I have written before about the California Department of Justice Roster of Handguns Certified for Sale, concluding that this system was not a creeping handgun ban based on the information I could get at the time, which was simply the total number of guns on the list.
My method ignored the types of new guns that were being approved, the types expiring and being removed, and the types newly approved and added. Just last month many new guns were added, but most are classified as derringers, but only one semi-automatic pistol. I have yet to find a list of new semi-automatic pistol models that have been introduced in the United States firearms market, but I suspect that it is more than the handful of pistols added to the Roster in recent years.
The most common culprit cited is the California requirement that all new pistols be equipment with a magazine disconnect mechanism, a device that prevents the pistol from discharging when the magazine is absent from the magazine well. Most pistol manufacturers either refuse to market pistols with these devices, or their designs cannot accommodate a magazine disconnect.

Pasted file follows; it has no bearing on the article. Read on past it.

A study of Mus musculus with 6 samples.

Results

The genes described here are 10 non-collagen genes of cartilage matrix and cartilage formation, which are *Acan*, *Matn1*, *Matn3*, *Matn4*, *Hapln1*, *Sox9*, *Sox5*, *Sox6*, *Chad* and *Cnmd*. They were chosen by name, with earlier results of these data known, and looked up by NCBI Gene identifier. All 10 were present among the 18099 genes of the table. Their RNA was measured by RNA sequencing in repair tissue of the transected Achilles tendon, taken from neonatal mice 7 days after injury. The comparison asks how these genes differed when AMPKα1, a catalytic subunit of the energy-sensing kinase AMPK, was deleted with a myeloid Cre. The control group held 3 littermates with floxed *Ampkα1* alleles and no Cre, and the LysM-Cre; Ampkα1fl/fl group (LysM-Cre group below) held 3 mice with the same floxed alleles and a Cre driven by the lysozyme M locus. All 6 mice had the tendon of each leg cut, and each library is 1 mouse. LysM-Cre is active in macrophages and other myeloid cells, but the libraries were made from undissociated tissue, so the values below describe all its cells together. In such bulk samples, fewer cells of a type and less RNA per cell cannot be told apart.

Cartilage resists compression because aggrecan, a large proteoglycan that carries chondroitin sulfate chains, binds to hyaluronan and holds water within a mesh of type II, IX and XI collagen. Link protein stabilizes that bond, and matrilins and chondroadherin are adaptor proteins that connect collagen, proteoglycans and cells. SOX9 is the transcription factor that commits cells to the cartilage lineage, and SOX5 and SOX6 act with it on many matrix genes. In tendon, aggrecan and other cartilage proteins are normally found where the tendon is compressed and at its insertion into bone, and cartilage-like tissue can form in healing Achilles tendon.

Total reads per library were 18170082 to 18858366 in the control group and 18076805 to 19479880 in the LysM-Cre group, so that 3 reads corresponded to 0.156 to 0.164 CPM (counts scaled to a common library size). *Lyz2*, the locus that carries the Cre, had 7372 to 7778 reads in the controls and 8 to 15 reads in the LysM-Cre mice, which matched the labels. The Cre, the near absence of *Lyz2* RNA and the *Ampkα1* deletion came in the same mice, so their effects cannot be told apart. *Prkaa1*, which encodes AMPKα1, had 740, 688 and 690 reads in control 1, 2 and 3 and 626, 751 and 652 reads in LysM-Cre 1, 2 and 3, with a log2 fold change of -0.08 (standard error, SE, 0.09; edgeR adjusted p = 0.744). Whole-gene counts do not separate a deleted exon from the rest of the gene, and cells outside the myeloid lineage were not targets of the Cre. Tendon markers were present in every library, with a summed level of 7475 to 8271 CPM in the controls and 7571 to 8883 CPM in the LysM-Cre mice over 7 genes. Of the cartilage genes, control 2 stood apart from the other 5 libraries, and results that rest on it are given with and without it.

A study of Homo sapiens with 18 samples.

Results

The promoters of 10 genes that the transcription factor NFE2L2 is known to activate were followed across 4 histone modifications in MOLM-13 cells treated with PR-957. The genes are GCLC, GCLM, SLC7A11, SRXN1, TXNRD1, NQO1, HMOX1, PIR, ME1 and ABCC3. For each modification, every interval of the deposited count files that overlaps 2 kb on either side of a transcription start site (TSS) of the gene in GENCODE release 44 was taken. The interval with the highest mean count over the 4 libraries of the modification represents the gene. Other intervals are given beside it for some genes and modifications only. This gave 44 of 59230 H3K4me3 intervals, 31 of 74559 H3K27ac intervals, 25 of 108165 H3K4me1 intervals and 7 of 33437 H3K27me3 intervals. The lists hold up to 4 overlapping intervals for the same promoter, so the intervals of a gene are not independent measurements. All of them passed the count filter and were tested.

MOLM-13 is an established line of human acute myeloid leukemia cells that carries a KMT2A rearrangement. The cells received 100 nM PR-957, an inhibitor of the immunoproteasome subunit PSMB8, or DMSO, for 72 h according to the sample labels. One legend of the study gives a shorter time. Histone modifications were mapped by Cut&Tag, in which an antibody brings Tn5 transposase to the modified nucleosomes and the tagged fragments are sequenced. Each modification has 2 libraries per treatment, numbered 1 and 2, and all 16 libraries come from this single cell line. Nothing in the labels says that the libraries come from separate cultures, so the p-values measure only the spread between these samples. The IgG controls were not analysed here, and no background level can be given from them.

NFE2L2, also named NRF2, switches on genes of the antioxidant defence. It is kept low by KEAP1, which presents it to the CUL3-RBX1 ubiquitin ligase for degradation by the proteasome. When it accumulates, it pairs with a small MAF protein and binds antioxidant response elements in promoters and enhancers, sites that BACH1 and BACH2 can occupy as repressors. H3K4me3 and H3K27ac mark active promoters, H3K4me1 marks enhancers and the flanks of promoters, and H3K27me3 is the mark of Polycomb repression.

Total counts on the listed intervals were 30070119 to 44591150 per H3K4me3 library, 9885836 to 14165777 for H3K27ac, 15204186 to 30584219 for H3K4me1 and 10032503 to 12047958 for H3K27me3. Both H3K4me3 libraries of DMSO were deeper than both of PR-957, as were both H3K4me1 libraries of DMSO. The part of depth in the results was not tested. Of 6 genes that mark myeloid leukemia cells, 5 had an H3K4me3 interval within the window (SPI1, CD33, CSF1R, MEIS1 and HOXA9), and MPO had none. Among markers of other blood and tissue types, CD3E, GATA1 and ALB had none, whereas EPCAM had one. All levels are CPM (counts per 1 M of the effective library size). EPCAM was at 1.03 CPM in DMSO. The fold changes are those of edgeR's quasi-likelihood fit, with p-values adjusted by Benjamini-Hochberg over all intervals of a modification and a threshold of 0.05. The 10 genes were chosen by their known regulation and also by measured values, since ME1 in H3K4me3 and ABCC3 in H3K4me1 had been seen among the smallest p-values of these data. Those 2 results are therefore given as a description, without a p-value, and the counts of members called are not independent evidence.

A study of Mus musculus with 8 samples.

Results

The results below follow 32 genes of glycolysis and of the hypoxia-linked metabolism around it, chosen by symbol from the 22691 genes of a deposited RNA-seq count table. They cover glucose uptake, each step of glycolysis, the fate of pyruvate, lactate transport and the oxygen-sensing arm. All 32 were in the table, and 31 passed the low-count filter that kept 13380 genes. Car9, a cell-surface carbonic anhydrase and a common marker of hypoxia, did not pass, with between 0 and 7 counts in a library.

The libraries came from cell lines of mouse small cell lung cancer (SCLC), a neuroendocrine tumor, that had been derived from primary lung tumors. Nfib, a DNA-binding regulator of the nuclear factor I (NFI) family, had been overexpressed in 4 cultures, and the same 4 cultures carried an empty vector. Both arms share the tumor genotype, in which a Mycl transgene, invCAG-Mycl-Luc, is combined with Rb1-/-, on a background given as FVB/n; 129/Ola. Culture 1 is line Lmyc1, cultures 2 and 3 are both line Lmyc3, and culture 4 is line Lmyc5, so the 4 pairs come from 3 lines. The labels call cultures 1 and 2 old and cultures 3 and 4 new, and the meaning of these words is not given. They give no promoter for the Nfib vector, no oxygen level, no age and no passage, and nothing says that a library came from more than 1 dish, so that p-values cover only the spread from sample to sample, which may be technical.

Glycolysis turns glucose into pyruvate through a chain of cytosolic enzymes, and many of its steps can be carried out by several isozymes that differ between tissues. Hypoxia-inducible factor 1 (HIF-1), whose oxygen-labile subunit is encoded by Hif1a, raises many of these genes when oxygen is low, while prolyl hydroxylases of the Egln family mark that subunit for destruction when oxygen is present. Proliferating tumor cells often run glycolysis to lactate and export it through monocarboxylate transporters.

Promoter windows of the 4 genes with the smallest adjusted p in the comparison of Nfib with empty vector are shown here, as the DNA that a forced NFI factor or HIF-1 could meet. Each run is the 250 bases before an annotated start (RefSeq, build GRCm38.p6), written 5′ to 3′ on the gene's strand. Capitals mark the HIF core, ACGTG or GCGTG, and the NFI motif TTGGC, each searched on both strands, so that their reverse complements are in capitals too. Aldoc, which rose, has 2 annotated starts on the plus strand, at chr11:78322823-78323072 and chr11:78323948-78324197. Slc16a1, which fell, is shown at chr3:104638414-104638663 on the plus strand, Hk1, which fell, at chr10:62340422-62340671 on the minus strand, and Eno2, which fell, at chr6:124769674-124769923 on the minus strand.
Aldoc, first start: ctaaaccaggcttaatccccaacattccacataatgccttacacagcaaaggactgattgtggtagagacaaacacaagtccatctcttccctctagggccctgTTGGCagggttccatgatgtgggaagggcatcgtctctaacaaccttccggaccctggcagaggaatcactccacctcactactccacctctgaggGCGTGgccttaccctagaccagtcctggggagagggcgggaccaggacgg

Now we come to a new pistol offered for sale by Remington, the Model 1911 R1, Remington's entry into the ever more popular G.I. .45 pistol market. This pistol is pretty much a copy of the Colt 1911A1 pistol used by the U.S. military for over 80 years, and it is one of the most popular pistol models in the United States. But this pistol will never be available in California, because this pistol does not have a magazine disconnect feature, and is therefore "unsafe".
Note that my own Kimber Custom II also lacks a magazine disconnect, and is just as "unsafe" as the new Remington gun, but the Custom II was certified for sale before the magazine disconnect requirement, and so that model is "grandfathered in" and will remain certified as long as Kimber maintains the listing by paying the yearly fee.
But note the arbitrariness of this law: very similar guns, one "new", one old, but both are very similar to each other, but one is declared "unsafe". The net effect is that one model of gun is banned from the California market.
The roster is beginning to look more and more like a creeping handgun ban. I just wish I had more industry data to support it.